Many describe Cameron’s actions in season 2 as having been the result of a persistent “glitch” (presumably one that’s fixable). Most seem to view it as a hardware problem. I’m still not sold on the idea that Cameron’s chip is necessarily glitchy. Since her CPU was damaged, there is no doubt that she’s been having to work through various conflicts that weren’t conflicts before.
Obviously there is the conflict of the emergence of the Allison persona. I don’t think that was ever supposed to be anything other than a template for her terminatory self to use when necessary, e.g. in “Pilot” when she’s being all flirty with John before Cromartie starts shooting the place up. In “Samson and Delilah” (S&D), I think her desperate accessing of it to try to keep John from pulling her CPU started this cascade of conflicts.
What the S&D accessing did was essentially force a cyborgy type of DID (dissociative identity disorder) on Cameron. “Allison From Palmdale” saw the full-on manifestation of this as she went all “Sybil” and became a totally new person with no memory of her other, primary, personality. It wasn’t until John reminded her that she was a machine from the future did that dominant personality start to reassert itself.
Since that time, Cameron has had to essentially become her own psychologist, trying to get her personalities to reconcile. While the terminator one remains dominant, the secondary Allison persona continues to want its voice heard. This was clearly manifested in “Ourselves Alone” when the bird suffered from “an involuntary movement of my fingers”.
Despite an attempt to fix existing problems in Cameron’s endoskelton, Cameron continues to experience “an involuntary movement of my fingers” during certain very specific situations: when the terminator persona wants to enact a termination while, at the same time, the Allison persona is preventing it. The “glitch” that results in Cameron’s left hand spasming isn’t due to a hardware “glitch” but a psychological one.
Eventually, though, Cameron seems to have been able to find that necessary middle ground. We first notice this at the end of “Today is the Day, Part 2” when Cameron holds a pidgeon and appears to be confident that it will not experience a cyborg squeeze. This was not the case in “Today is the Day, Part 1” when a bird (apparently a potential one in a long line of test subjects) flew away causing Cameron to comment that there was “a fifty-one percent chance” that she wouldn’t have killed it.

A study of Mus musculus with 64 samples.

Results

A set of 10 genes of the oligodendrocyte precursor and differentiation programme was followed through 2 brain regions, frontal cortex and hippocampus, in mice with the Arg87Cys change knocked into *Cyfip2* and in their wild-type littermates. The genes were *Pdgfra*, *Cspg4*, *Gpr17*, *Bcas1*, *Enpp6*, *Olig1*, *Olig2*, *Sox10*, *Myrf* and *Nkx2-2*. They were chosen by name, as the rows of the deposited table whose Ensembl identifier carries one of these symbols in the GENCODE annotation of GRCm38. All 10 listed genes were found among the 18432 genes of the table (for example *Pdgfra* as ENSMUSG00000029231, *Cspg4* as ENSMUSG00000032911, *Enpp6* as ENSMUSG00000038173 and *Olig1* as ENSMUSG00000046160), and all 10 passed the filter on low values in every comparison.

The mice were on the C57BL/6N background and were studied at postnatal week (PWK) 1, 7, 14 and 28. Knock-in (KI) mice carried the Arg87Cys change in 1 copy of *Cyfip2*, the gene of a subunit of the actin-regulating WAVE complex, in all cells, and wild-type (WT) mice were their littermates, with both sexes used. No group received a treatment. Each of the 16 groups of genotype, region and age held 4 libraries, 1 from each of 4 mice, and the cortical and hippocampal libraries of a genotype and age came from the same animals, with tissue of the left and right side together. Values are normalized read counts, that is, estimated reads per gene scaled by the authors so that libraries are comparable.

Still, by “Born to Run”, Cameron has reached a point in her acceptance of the situation that she’s honest with John. She admits that fundamentally she’s built to kill him, and she might at some point. But she doesn’t. She implies that she doesn’t because now it is her choice not to. It might not always have been so.
I’ve suggested before that even if Cameron was reprogrammed by John, that there would still be a lot of fundamental code (probably self-healing code) he couldn’t touch and still have a working robot (essentially her BIOS). What may have happened is that pre-S&D Cameron was not killing John due to his reprogramming in the future. The injury done in the explosion basically voided John’s programming (“sometimes they go bad, no one knows why”), but the psychotic break in the effort to keep from getting her chip pulled resulted in a terminator that no longer need John’s hack to keep it from its fundamental mission.
Cameron may or may not be “whole” at least up until letting John Henry have her chip, but she was in control. She had reconciled much of the conflict between her two personalities. By the end of the second season each personality was having its say. As with humans, she had to work through her difficulties. I think her interactions with John (when he’s not pissed at her) and Eric (the library guy in “Self Made Man”) helped by actually reinforcing the positive inquiring aspects of the Allison personality. Ironically, the human who exhibited the most consistent disdain for the Tin-Miss probably did the one thing that helped most of all: she flipped an up-turned tortoise right-side-up and placed it out of harm’s way.
In fact, that single act might have been the catalytic event for the entire second season. The one that allows Cameron to recognize moral decisions and subsume her humane tendencies, and Catherine to see that humans aren’t all disappointing monsters.